A turnover by Dwight Howard led to a 16-3 Lakers run in the third quarter of Game 4. The Magic has had 60 turnovers, leading to 71 Lakers points, in the Finals.

June 14, 2009|Josh Robbins

ORLANDO, FLA. — If you try to pinpoint the moment when Game 4 started to turn against the Orlando Magic, look at what occurred at just under the 10-minute mark of the third quarter. The Magic led the Lakers by 12 points, and Dwight Howard had the ball at the left side of the free-throw circle.

With Lakers center Andrew Bynum several feet away from him, Howard attempted a pass to his right, where Hedo Turkoglu was guarded by Trevor Ariza. But Ariza knocked the pass away, gained control of the ball and converted a fastbreak dunk.

The sequence started a 16-3 Lakers run, but it also was emblematic of a larger problem for Orlando. Howard's errant pass was one of 19 Magic turnovers that led to 16 Lakers points. Taking better care of the ball will be a key point of emphasis for the Magic in Game 5 tonight.

"If we keep throwing the ball right to them, turning the ball over, then they're getting easy baskets," said Orlando forward Rashard Lewis, who had three turnovers of his own Thursday. "It's hard to win a ballgame when you're handing them the ball and they're getting layups at the other end of the court." Orlando has committed 60 turnovers in the Finals, and those miscues have resulted in 71 points for the Lakers. The Lakers, on the other hand, have made 42 turnovers, which have led to 45 Magic points.

The Magic had averaged 12.8 turnovers a game during the first three rounds of the playoffs, and is averaging 15.0 in the Finals.

It would be tempting to blame the Magic's problems on its unsettled point-guard situation, but Rafer Alston and Jameer Nelson had only one turnover apiece in Game 4.

Instead, there's plenty of blame to go around. Of the 10 players Orlando used on Thursday, only J.J. Redick didn't turn over the ball.

"We know what we did wrong," Nelson said. "We turned the ball over. I think one thing we have to do is value the basketball. This is a crucial point of our season, and the more shots we get, the better." Howard leads the team in turnovers during the Finals (17) and had a team-high seven turnovers in Game 4. The Lakers are placing added emphasis on stripping the ball from him when he receives the ball near the basket.

"When he gets the ball in the paint, he's not really looking to pass," Bynum said. "So, we know that if we double him while he's inside the paint, he's not going to kick it out for three-pointers and stuff. It's enabling us to be very effective." Howard knows he has to be more efficient when he gets the ball.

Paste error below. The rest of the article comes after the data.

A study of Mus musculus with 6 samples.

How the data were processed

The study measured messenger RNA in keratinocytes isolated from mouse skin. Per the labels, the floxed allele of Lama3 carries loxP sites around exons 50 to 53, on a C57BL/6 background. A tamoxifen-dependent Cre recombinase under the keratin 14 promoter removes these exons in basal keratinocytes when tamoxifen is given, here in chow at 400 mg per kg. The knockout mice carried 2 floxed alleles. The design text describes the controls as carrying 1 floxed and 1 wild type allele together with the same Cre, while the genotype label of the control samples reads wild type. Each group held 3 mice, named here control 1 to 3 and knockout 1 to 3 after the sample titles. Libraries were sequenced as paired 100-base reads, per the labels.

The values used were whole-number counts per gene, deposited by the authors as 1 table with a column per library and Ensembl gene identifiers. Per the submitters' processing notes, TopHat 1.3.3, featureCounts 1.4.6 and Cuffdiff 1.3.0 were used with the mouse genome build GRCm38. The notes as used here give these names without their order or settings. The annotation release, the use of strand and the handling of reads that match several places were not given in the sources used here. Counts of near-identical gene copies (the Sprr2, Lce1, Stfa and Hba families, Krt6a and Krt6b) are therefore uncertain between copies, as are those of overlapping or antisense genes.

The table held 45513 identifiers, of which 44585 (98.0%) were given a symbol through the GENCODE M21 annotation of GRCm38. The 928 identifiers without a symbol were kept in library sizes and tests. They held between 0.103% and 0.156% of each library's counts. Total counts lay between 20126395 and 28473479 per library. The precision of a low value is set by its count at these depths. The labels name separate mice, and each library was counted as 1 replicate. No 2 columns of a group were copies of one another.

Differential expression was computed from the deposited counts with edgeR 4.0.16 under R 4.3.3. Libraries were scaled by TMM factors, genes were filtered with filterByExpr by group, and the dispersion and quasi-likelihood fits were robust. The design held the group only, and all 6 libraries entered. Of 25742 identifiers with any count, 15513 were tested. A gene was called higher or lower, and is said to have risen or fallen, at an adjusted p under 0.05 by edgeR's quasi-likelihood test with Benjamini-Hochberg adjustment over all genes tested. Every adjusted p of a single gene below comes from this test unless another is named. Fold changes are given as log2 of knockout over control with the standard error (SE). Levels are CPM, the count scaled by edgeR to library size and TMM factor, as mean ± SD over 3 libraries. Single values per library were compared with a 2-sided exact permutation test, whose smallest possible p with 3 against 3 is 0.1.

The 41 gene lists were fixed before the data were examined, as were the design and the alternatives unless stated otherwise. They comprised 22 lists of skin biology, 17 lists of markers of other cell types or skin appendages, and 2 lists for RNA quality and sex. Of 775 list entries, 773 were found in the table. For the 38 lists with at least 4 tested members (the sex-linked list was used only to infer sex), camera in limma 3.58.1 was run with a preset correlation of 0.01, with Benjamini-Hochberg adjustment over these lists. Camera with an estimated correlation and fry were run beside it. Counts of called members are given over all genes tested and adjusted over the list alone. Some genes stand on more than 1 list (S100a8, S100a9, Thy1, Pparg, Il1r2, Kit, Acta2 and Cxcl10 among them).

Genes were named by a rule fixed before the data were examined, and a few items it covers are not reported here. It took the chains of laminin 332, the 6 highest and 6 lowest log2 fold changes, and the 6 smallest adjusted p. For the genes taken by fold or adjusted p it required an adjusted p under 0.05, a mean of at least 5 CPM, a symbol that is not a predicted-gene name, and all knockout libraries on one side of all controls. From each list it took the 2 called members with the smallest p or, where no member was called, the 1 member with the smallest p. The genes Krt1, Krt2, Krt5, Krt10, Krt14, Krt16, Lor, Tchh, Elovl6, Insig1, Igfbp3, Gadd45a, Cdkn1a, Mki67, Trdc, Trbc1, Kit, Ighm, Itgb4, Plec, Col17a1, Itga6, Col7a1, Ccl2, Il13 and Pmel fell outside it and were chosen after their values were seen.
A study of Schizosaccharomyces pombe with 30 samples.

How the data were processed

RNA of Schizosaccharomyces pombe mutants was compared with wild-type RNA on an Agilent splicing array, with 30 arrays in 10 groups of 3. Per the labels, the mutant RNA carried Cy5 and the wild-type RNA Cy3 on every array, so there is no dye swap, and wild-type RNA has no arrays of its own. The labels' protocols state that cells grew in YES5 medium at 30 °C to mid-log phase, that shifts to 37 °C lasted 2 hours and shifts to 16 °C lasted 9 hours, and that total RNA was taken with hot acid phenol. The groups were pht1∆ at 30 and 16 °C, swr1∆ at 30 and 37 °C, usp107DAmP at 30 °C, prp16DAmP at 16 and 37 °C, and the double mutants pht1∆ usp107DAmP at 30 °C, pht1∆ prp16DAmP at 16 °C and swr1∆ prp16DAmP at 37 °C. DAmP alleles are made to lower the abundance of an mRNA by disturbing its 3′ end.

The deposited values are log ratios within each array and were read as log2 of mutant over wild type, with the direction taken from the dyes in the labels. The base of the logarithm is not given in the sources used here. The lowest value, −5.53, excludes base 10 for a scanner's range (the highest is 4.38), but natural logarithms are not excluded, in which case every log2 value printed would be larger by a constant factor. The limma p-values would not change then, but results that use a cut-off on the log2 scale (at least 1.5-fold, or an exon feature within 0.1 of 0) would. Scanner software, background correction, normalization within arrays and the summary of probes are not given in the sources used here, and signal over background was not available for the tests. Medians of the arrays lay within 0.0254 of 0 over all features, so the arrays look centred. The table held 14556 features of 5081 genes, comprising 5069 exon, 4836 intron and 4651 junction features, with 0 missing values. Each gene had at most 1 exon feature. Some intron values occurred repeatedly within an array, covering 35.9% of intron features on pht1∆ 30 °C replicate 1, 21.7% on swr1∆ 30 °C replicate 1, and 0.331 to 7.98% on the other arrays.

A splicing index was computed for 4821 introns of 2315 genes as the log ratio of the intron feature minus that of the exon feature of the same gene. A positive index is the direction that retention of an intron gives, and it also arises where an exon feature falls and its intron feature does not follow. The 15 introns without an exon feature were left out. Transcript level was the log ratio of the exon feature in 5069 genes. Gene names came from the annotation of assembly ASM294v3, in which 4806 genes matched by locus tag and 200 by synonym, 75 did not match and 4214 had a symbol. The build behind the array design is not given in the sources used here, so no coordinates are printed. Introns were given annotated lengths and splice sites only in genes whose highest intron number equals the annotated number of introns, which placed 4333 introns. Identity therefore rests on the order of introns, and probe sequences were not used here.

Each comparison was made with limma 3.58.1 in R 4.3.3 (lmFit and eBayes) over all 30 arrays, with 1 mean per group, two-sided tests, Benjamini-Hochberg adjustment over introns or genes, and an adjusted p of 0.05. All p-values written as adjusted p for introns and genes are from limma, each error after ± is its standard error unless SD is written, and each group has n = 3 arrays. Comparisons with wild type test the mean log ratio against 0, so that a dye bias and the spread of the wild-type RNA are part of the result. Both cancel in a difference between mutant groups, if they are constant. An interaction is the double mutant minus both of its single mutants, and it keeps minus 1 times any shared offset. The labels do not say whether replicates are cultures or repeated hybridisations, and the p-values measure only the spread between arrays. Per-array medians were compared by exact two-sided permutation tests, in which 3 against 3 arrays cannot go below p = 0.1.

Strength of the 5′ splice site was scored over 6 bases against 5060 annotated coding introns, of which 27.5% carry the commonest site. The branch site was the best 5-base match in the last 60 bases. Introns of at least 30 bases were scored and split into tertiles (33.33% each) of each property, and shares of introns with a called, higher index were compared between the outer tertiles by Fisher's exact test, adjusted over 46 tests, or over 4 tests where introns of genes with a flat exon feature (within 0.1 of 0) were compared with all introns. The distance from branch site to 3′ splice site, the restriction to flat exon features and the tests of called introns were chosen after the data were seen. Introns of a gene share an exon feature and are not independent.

"I think the biggest thing is trying not to get as many three-second [violations and] offensive fouls," Howard said. "But they've been doing a pretty good job doubling me. [I've] just got to trust my teammates a little bit more. As soon as I get it, read the defense and make the right play."


Keeping it light

One of the ways the Magic players kept their minds off their Game 4 misfortunes was to get far away from basketball after their team meeting Friday.

Alston spent the rest of the day with his nephew, playing NBA video games.

"The funny thing is he keeps beating me," Alston said of their matchups. "And the bad thing is he beats me, [playing as] me, doing things I can't do on the court. I can't hit a pull-up three on the break, so I don't know why they have me doing it on the games."

Across the way Mickael Pietrus began his media sessions with a "Borat" impression, saying, "It's very nice to see you. Very nice."

Pietrus explained that he was inspired after watching "Borat" on Friday night.

"Why 'Borat'? Because I think life is good and no matter what, no matter the situation you're in, you have to get a smile on your face," he said.


Speak no evil

Pietrus still doesn't think his flagrant foul in the closing seconds of Game 4 was a big deal, but Pau Gasol had a different view after being hit.

The two have not spoken since they had to be separated by officials and teammates after the play. NBA officials reviewed the hit and decided Pietrus would not be suspended for Game 5.

"I think I was going for the ball. I don't think I was trying to make a dirty play," Pietrus said. "I'm smart enough with three seconds to go and they're up 10 [actually, five], why am I going to get a hard foul. No, I was trying to make sure he was going to the free-throw line."

Pietrus said it wasn't even the hardest foul he has seen during the playoffs.

"I think from what I did, it was a little caress," he said.

Gasol doesn't agree.

"The intention of the foul was definitely hurtful," he said. " . . . There was no way that was necessary to do at that point, but just because I was able to take the hit and hold on to the rim, then it's not punished. If I would have missed the rim, I would have fell on my back and broke my head, then it would have been punished? It just doesn't, doesn't make a lot of sense."


Kyle Hightower, Iliana Limon contributed to this report.